If you really want to push my buttons, reduce me to tears, make me cry a dozen times, you don’t have to say a word–just turn on “Forrest Gump” and back out of the room slowly; bake for approximately two and a half hours, and return and you will find the gooiest, flakiest, weepiest little pastry inside this cinematic oven.
Ben and I just finished watching “Forrest Gump”, the sentimental 1994 classic film. And I know that there are some haters out there; I mean, people despise this movie–and people are entitled to their opinion, of course it’s sappy and melodramatic–but people are reviewing it today and accusing it of being cliched. This movie invented it’s own cliches.
Jenny and Forrest meet in the water at the Washington Monument-WHAM!
Jenny giving Forrest the peace sign as the bus pulls away; while The Byrds “Turn, Turn, Turn” plays on–WHAM!
And then as the film winds down, the hits come harder and faster. After the drug abuse, and abusive boyfriends, Jenny comes home! WHAM–happy tears! And then Forrest asks her to marry him; she says ‘no’, makes love to him in the middle of the night, and then grabs a cab ASAP while ole Forrest is still sleeping, slicked in a post-coital glow.
Ben reckons that this is a “dick move” on Jenny’s part.
And this is where the internet explodes with Jenny-cide, that bitch ran out on him! She’s a tramp! She’s a whore! She’s an addict; a gold digger! Never mind the business with the endless child molestation that set her on this awesome path, she’s the devil, I tell you the devil! I think Jenny is one of the most tragic cinematic characters; this girl gets a raw deal from the get-go. Traumatized from years of sexual violence, in an era where one didn’t seek counsel for such things, she had no structure, no self-worth. She is always running and there lies the symbolism of Forrest relieving his heartbreak by running repeatedly across the country. Forrest loved her unconditionally, which is the kind of thing that a troubled person runs the hell away from. So, while the e-naysayers are out there, smack talking this twenty year old classic, claiming that Jenny is a ruinous opportunist, using him for his fortune; I disagree. She was a single mother, slinging coffee in a diner, she was hardly biding her time to pounce, when Forrest would have had her home all along. She didn’t want to take advantage; she also told Forrest “You don’t want to marry me”. She thinks of herself as damaged goods, doesn’t want to be his burden. Jenny reveals that she has some “early 80’s mystery incurable disease” —oh yeah, WHAM! And she dies, leaving Forrest with the kid soon to be in “The Sixth Sense”.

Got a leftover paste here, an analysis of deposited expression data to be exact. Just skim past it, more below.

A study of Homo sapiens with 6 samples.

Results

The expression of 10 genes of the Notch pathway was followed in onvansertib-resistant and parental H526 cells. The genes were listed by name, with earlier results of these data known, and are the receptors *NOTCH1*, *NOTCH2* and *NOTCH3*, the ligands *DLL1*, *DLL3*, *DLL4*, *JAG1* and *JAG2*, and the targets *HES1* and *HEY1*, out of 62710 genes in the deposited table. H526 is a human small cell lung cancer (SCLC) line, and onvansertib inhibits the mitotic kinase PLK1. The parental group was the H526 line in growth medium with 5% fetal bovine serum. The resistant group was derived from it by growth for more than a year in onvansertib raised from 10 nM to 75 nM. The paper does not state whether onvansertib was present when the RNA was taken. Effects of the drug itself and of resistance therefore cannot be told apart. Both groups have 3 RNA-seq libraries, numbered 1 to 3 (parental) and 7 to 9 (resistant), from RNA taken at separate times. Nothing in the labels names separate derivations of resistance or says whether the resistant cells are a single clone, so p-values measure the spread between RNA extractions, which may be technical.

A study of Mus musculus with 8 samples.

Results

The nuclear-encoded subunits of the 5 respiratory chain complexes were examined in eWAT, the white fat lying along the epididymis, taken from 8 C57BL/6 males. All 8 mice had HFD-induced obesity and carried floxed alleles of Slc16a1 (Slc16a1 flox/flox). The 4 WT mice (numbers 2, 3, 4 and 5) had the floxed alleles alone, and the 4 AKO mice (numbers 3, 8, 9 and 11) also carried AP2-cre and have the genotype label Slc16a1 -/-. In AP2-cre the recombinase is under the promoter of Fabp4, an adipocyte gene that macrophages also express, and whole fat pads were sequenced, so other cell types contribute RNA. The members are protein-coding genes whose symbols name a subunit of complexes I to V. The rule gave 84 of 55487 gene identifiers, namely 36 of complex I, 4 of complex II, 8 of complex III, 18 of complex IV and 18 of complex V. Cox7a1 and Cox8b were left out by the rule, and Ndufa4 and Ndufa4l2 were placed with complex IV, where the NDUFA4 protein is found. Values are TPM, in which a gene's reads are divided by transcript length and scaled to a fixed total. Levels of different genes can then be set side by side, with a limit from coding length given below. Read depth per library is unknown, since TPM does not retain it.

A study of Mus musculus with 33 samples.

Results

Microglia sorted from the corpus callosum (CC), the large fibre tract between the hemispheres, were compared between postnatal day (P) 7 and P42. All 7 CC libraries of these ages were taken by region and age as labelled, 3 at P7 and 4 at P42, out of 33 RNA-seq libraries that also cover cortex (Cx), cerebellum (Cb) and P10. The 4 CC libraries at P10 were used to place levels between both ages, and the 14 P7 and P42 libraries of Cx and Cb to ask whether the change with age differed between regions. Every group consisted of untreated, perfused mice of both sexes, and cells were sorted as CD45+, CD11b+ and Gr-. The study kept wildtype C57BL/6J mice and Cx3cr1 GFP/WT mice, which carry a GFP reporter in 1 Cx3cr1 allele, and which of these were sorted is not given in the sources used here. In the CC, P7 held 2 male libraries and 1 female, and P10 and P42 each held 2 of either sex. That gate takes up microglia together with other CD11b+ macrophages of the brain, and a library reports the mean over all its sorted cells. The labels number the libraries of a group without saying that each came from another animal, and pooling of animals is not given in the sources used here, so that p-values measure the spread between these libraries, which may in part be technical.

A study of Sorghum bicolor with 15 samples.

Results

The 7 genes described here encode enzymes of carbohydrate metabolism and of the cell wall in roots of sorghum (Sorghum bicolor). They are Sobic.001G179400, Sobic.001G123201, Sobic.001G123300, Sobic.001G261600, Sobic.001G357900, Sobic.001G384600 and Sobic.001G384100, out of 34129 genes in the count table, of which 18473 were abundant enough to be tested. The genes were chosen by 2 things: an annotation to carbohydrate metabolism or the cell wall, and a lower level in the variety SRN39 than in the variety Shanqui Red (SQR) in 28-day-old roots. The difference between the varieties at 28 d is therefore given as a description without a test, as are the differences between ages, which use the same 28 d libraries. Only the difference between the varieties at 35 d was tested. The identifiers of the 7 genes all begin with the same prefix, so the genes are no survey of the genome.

And then, just when you can’t take another moment; there’s Forrest Gump’s gravestone monologue, where he expresses all his love and loneliness to his deceased wife.-WH-WH-WHAM!
Some critics are awfully concerned with the film’s message, what the ending means–what Forrest’s life means. ‘How can he be happy?’ I don’t think the movie ends happily; I think Forrest would spend the rest of his life longing for Jenny; but his life would have purpose in being a parent. This movie says that stupidity equals redemption–I don’t think this movie says anything about stupidity being good or bad, just that this one man had this life, and was in a sense, lucky. Forrest Gump is a racist. That’s my favorite. This reasoning is that he was named after a KKK leader; but his mother’s rationale is that the name is to remind him that sometimes “people do things that just don’t make no sense”. Which is a theme that continues throughout the picture. And also, the fact that Bubba is a black man of limited intelligence; but it’s not questioned as much as Gump’s intelligence–“oh, so we are just assuming that’s he’s stupid because he’s black!” they cry. No, I don’t think that’s the case at all; if they wanted to explore Bubba’s character, they would have made the movie and called it “Bubba”. And also, it’s two and a half hours long, they can’t luxuriate over every single minor character–is that reasoning enough for you, those who felt the gay and lesbian community wasn’t properly represented? Sheesh, what are we wanting from our movies besides engrossing stories and excellent soundtracks–laughter and catharsis. Listen, I don’t want to force my cinematic agenda down anyone’s throats; but I will leave you with this thought–before Tom Hanks signed on to the film, the role was attached to Chevy Chase and Bill Murray before it was offered to John Travolta, and like Dave Chappelle, who turned down the role of Bubba, has since admitted regret for not being involved. That’s the beauty of hindsight bitches! But as it says in the film; we make our own destinies– sometimes by accident, and sometimes by choice, and there’s no way of knowing how it will all shake out, until it’s too late to turn back.